The company’s profile: shaping an Agile Mindset
I love Agile, but, in this case, we need to be more hierarchical…
It is okay for people to choose what to work on, but this project is more important and I need these people working on that.
I’m all about transparency, but I’m afraid of what people will do if we make this information public.
These are some of the many phrases I encounter regarding “agile transformations”. They all follow the same formula: first the person says he agrees with the agile principle; he then follows up with a “but”. Finally, he declares the reasons why in this case his actions will be different from his words. Little by little, the exception becomes the rule, and the evident contradiction undermines the efforts on the road to agility, regardless of how much we have spent hiring consultants, getting certificates, courses, books, or whatever the newest trend is. There is no transformation strategy to support, in a sustainable manner, the difference between words and actions.
Many times, the biggest contradictions lie within the organization’s internal structures and policies. We cannot talk about horizontality in a highly hierarchical environment, or in the case where a team has a boss. We can’t talk about trust if there is a Human Resources department approving and refusing holiday leave. Also, we cannot talk about autonomy or transparency when a third party changes the configuration of a team based on information only he/she has.
It is extremely important to be aware of and know what to do when we are against the values we preach. Especially when our brain has the best tools for ignoring these differences. Personally, I have found some things I believe have helped me navigate through this sea of contradictions we are made of.
For an Agile Mindset: tips & tools
First and most important, it’s about working with people who, even though they may not share the agile mindset and the fundamental principles of what we are trying to promote, they do have the courage and confidence to help us realize when we have obviously departed from our own path.
If you want to know more about creating highly effective teams, take a look at this other article of mine. In this post I discuss the principles and policies we have embraced when forming new teams, or making changes to the teams that already exist.
In “Joy at Work”, I came across another tool I found extremely useful; it simply consists of making a general profile of each person working in the company. This will function as a guide when it’s time to define our policies and rules in our organization. This profile highlights who we are. It is used when we make our policies, take decisions and when we choose a certain path.
Your company’s profile: make your list
If we are aware that a person is reliable, then it should be easy to make certain information available. If we assume people are intelligent, we shouldn’t think that we are the only ones capable of making a decision. If we believe people are capable of doing their job, maybe we won’t feel the need to control.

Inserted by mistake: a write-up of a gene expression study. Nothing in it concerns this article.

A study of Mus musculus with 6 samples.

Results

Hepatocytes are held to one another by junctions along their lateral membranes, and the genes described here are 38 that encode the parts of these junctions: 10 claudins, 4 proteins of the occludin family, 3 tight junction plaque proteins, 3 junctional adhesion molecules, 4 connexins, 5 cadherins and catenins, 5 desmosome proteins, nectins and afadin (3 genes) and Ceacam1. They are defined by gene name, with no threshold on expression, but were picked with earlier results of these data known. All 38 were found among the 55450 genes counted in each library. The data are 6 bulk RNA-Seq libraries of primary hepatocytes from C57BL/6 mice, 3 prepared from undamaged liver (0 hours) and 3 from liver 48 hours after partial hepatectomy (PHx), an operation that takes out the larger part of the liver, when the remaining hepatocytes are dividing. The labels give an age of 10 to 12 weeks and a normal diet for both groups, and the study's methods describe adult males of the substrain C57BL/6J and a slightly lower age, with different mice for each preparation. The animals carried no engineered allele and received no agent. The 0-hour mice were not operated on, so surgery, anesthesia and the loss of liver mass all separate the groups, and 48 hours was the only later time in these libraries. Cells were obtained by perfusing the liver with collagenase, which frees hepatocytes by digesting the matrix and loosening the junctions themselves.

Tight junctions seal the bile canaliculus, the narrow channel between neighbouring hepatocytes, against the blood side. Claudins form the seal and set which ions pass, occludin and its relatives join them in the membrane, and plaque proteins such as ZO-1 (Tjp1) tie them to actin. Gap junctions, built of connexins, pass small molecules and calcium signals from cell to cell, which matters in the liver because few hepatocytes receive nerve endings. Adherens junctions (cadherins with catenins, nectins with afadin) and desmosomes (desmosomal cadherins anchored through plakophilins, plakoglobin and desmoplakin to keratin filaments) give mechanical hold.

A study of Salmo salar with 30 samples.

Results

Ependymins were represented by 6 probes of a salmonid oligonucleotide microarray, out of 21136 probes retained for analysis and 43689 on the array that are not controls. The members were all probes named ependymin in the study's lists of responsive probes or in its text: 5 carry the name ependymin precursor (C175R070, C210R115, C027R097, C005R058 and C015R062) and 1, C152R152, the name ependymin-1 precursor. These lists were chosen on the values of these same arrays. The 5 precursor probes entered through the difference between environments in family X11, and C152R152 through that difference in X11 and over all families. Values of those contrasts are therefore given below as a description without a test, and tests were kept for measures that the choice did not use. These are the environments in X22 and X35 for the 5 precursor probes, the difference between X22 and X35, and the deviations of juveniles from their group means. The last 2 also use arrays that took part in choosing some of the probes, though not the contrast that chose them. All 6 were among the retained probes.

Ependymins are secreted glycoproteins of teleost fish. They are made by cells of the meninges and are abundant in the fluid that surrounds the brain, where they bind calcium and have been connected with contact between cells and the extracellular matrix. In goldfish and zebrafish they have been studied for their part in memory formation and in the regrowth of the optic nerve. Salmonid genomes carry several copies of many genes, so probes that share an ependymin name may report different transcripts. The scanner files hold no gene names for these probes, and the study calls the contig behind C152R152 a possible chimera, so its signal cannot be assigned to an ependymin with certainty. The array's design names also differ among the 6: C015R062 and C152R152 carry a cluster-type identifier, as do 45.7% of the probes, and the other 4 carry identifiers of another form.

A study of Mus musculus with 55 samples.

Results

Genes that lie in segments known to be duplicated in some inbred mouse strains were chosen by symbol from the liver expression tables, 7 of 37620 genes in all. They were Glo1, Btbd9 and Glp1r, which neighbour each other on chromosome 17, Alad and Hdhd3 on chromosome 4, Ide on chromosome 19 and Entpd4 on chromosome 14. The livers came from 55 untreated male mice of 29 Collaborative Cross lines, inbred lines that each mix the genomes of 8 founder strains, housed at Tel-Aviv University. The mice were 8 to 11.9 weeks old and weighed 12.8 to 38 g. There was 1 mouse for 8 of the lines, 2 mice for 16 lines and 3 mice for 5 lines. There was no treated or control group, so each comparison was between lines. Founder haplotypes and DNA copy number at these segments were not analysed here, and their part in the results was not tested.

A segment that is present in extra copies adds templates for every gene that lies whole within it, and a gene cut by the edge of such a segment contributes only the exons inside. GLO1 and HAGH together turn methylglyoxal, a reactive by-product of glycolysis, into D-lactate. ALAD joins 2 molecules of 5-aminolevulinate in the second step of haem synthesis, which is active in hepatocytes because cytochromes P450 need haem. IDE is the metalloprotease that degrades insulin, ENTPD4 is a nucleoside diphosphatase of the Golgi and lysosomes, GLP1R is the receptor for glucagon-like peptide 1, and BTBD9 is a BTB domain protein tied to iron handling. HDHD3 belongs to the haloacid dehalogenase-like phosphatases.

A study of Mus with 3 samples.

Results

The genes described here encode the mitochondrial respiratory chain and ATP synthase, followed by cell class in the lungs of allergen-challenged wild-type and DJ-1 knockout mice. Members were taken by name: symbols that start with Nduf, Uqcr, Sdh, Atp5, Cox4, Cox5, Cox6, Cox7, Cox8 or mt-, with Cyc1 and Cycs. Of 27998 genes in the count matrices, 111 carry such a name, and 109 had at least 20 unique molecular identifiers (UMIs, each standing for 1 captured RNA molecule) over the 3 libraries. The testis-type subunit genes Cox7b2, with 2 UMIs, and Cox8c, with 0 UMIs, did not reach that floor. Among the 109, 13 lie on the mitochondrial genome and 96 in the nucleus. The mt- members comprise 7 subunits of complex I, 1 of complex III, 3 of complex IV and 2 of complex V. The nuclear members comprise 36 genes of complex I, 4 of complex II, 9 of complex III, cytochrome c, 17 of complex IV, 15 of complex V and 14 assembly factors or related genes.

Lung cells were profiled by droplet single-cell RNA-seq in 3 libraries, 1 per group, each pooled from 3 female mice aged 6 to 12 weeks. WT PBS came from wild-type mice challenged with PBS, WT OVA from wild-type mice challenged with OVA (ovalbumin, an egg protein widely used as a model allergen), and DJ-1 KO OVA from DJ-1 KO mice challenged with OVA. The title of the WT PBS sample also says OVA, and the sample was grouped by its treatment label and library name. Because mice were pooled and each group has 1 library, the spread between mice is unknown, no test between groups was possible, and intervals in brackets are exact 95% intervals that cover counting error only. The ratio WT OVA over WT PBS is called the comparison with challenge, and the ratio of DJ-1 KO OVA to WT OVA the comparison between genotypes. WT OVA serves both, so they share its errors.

When creating these policies and rules, we must be sure they’re aligned to the general profile of people working in our company, not for the borderline cases or exceptions. Moreover, when we encounter these exceptional cases, we should not be disappointed; a profile is an assumption, as flawed as those we make on a daily basis; it’s abstract. I believe that the most important thing is for our policies not to reflect what we wish to avoid, but rather what we are aiming for.
It is really helpful that the profile description is simple, short, supported by the organization’s leadership. Above all, it should be used as a basis for making decisions for problems to come. Thus, we will be more conscious about the size of the changes we propose, and how close we are to really adopting what we preach.
Maybe it is not necessary to start with an agreed description that encompasses the entire company; maybe a more personal exercise that defines our abstraction from the people we work with is enough. From there, we can learn to expect better things from our environment.
It has been almost two years since I made this exercise I’m now sharing; it has changed very little, and I’m still using it for UruIT, the company I’m working for.
People who work in UruIT:
- are reliable; restrictive control mechanisms are unnecessary;
- have good intentions. In the case of a mistake, the assumption is they acted trying to accomplish their work in the best possible manner;
- are transparent, have no fear of showing what they do and why;
- are intelligent and rational, the things they do are for a reason;
- want to improve and learn new things all the time; that is why they may feel down if they do not have the necessary means to achieve it;
- are autonomous and responsible. They do not need a person constantly telling them what to do in order to excel at work;
- are cooperative, they would rather work in teams.
To continue the conversation about Agile Mindset and how you can implement this simple activity in your company for a more agile and effective team, tweet us at @UruIT and share your thoughts!